Trump’s Cuts to HIV Foreign Aid Could Take Millions of Lives

(TFC) – Another one of Donald Trump’s “America first” policies is poised to deal a heavy blow to the global community. This time, it cuts foreign aid, specifically aid for people suffering from HIV/AIDS in South Africa and the Ivory Coast.

While the US has been a global leader in assistance to those suffering from the single most devastating disease of our time, the cuts that Trump’s administration have proposed amount to $242 million cut from the President’s Emergency Plan for AIDS Relief (PEPFAR), and additional money from other programs.

Overall, government spending to fight AIDS in foreign countries would be reduced by 17%. Critics have called the move “draconian,” and say they fear it could change the face of the AIDS pandemic the world over for the worse.

A Step Backwards

It was only July when the same program made a major announcement about the state of efforts to control HIV and AIDS in Africa. Four countries including Swaziland, where HIV is more prevalent than anywhere else in the world, are nearing a state where they can control the spread of disease.

Malawi, Zambia, and Zimbabwe were recognized in the White House statement for their “significant progress.” In Swaziland, the reduction in HIV prevalence among adults is close to 50% when compared to 2011 levels.

Enormous humanitarian effort has been put forth and the global initiative has helped people in these nations gain access to treatments that never existed in the past, but cutting funding could jeopardize all of the progress we’ve made. It should be noted that despite the heavy cutting, Trump’s administration would ensure that no patient currently receiving antiretroviral treatment would be denied it.

Instant Gratification is not the Answer

It is likely that Trump’s vision is for other world leaders to assume more responsibility for the AIDS pandemic. The problem is that the US has played not just a leading role, but a dominant one as the backer for humanitarian AIDS treatment efforts.

In Trump’s eyes, it’s time for more of the world to “do their part.” That, in many ways is happening, with nations like France, which has committed to flat funding for the disease but failed to meet that commitment, under heavy pressure both internally and abroad.

Should the US government retract this assistance, it’s not likely that another backer will step in to pick up the difference. In that situation, two things will happen.

First, by denying those who would have received care access to treatment and AIDS countermeasures, the infection will begin to spread again in foreign countries. That leads to an increase in patients and infections, which create more load for the global effort to sustain. If we’re really in this together, these budget cuts do nothing but create more costs in the long run.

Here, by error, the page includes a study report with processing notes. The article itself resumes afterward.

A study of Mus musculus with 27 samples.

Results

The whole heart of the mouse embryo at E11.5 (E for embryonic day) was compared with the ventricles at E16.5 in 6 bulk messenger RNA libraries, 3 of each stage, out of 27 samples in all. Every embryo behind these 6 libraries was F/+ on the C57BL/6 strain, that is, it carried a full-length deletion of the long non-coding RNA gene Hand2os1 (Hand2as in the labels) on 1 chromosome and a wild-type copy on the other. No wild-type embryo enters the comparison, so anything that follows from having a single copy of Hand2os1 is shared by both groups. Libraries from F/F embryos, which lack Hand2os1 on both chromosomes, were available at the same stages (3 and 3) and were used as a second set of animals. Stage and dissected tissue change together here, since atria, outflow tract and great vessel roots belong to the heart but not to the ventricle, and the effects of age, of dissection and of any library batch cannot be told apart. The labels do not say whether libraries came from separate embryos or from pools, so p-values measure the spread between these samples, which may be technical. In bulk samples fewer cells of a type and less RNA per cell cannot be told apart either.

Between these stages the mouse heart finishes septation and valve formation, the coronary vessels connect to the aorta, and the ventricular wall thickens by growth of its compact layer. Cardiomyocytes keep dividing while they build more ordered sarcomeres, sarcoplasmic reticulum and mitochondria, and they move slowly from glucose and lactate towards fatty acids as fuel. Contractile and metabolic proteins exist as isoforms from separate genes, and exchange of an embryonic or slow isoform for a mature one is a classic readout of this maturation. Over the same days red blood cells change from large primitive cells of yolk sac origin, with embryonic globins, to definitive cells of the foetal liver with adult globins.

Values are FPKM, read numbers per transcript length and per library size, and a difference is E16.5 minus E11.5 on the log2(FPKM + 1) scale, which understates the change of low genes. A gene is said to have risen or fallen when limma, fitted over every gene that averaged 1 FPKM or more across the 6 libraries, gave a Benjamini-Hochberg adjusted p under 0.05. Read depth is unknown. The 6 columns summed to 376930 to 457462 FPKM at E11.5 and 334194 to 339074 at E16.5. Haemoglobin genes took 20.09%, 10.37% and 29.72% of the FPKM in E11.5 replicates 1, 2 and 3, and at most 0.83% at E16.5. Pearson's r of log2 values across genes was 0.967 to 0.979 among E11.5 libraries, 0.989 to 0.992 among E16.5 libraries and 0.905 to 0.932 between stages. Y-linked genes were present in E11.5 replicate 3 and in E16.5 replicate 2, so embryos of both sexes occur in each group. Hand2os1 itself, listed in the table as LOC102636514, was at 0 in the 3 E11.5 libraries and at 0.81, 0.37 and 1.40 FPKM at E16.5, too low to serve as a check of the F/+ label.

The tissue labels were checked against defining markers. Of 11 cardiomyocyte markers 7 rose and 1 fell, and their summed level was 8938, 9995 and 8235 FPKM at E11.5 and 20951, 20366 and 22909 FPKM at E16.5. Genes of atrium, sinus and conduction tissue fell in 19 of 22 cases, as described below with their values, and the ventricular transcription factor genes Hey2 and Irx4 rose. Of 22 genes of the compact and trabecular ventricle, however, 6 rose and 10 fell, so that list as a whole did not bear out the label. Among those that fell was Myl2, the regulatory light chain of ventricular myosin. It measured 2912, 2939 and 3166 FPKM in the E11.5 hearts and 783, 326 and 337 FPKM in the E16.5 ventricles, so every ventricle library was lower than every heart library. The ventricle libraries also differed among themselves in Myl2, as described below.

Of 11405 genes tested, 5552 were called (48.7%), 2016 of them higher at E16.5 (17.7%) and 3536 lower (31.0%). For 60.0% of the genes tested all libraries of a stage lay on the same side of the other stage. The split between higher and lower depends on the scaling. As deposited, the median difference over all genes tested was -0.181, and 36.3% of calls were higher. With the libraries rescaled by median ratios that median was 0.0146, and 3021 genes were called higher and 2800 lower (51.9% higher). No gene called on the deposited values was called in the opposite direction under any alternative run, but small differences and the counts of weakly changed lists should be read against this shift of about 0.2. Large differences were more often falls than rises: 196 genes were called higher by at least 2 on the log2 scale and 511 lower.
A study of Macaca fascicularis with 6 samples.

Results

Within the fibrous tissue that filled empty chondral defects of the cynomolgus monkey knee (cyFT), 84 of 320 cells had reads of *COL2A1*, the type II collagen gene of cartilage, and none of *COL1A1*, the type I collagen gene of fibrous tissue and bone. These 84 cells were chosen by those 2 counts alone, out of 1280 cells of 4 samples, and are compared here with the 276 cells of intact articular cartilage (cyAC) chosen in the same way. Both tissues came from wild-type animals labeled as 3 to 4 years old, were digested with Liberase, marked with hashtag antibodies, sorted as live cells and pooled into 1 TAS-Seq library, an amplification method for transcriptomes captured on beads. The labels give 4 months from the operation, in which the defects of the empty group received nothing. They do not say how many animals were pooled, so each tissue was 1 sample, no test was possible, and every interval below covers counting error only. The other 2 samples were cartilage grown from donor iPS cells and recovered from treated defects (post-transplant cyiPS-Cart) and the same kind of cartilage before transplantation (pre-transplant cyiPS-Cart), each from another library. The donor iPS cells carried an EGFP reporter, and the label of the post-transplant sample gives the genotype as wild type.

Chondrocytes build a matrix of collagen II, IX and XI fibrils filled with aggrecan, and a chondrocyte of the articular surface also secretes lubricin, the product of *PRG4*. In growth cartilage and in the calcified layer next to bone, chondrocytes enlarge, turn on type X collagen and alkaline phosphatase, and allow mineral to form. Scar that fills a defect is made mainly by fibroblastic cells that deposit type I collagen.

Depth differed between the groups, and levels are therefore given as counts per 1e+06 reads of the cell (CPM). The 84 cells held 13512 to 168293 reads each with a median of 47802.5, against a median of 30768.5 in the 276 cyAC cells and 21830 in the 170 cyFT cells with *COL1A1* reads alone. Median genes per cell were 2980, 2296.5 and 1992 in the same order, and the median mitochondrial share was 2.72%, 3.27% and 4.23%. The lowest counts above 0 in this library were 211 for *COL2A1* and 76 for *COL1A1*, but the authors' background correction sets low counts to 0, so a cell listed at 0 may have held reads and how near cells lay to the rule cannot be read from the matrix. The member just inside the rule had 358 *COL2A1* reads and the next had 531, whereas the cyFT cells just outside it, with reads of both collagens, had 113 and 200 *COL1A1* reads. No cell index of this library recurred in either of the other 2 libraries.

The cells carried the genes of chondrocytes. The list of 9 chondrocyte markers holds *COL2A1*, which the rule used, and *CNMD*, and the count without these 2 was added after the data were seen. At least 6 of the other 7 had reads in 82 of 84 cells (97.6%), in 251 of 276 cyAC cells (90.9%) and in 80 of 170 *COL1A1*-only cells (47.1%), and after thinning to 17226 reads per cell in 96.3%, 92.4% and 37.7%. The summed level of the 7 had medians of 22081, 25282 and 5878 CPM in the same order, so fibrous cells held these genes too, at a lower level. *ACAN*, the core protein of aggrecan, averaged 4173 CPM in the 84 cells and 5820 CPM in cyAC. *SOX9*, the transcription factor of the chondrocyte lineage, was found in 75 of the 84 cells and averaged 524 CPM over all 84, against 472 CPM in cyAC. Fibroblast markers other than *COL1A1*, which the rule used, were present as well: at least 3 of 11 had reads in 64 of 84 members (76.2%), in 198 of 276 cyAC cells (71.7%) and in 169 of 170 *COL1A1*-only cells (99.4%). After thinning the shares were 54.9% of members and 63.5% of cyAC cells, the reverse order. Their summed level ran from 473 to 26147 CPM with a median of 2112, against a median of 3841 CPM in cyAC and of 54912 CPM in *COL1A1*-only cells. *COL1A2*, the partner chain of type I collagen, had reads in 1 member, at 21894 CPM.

The picture gets grimmer when you look at it from the perspective, not of dollars spent, but lives lost. Experts have claimed the budget cuts could have the long-term effect of 9 million years in human life lost.

Commentary from PEPFAR’s Creator

PEPFAR is a program that stems from the George W. Bush administration, and while Bush isn’t known for being a vocal former commander-in-chief, he did have something to say on the topic of PEPFAR. Bush defended the program in a Washington Post Op-Ed, citing the way it has saved nearly 12 million lives.

Bush went on to extoll the virtues of bringing hope to places that might otherwise become targets for extremism. Bringing hope to devastated populations and stabilizing societies makes our country, and the world safer, he explained and expressed that he hopes to see the program continue on fully funded.

Congress Could Replace PEPFAR Funding

Resistance from a republican congress has been one of the earmarks of Trump’s presidency thus far and it appears he will meet more pushback on the PEPFAR issue as these proposed cuts make their way through the system.

Some of Trump’s consistent contenders including Lindsey Graham, Republican chairman of the Senate subcommittee responsible for diplomacy and foreign aid spending, have vocally opposed the bill. Graham himself said that to implement such a budget, which includes a number of additional reductions in diplomatic and humanitarian areas, would “gut soft power.”

The budget may indeed fail without the support of senate republicans, but even if it does not, the difference in PEPFAR funding could still be made up in the Congressional budget.

More Proof Trump isn’t Thinking About the Future

American presidents can hold power for up to eight years assuming they are re-elected, the standard term is four years. What Donald Trump has done to the United States’ image in foreign affairs in the course of six months will take at least a single term for someone else to repair, but he doesn’t seem to care about that.

This new “America first” doctrine doesn’t seem to be so much “America first” as it is “me first.” A series of handouts and nods to leaders of industry that provide quick payoffs, but weaken America’s position in the long run.

It is sad to see that a man Americans hoped would offer a change from the status quo has delivered it in a package more diabolical than even career politicians would be willing to because his isn’t a legacy of politics.

Instead, in Trump’s mind, it’s about him and winning. Dollars equal winning, and bringing dollars back to his country is worth more even than innumerable human lives. What a shame.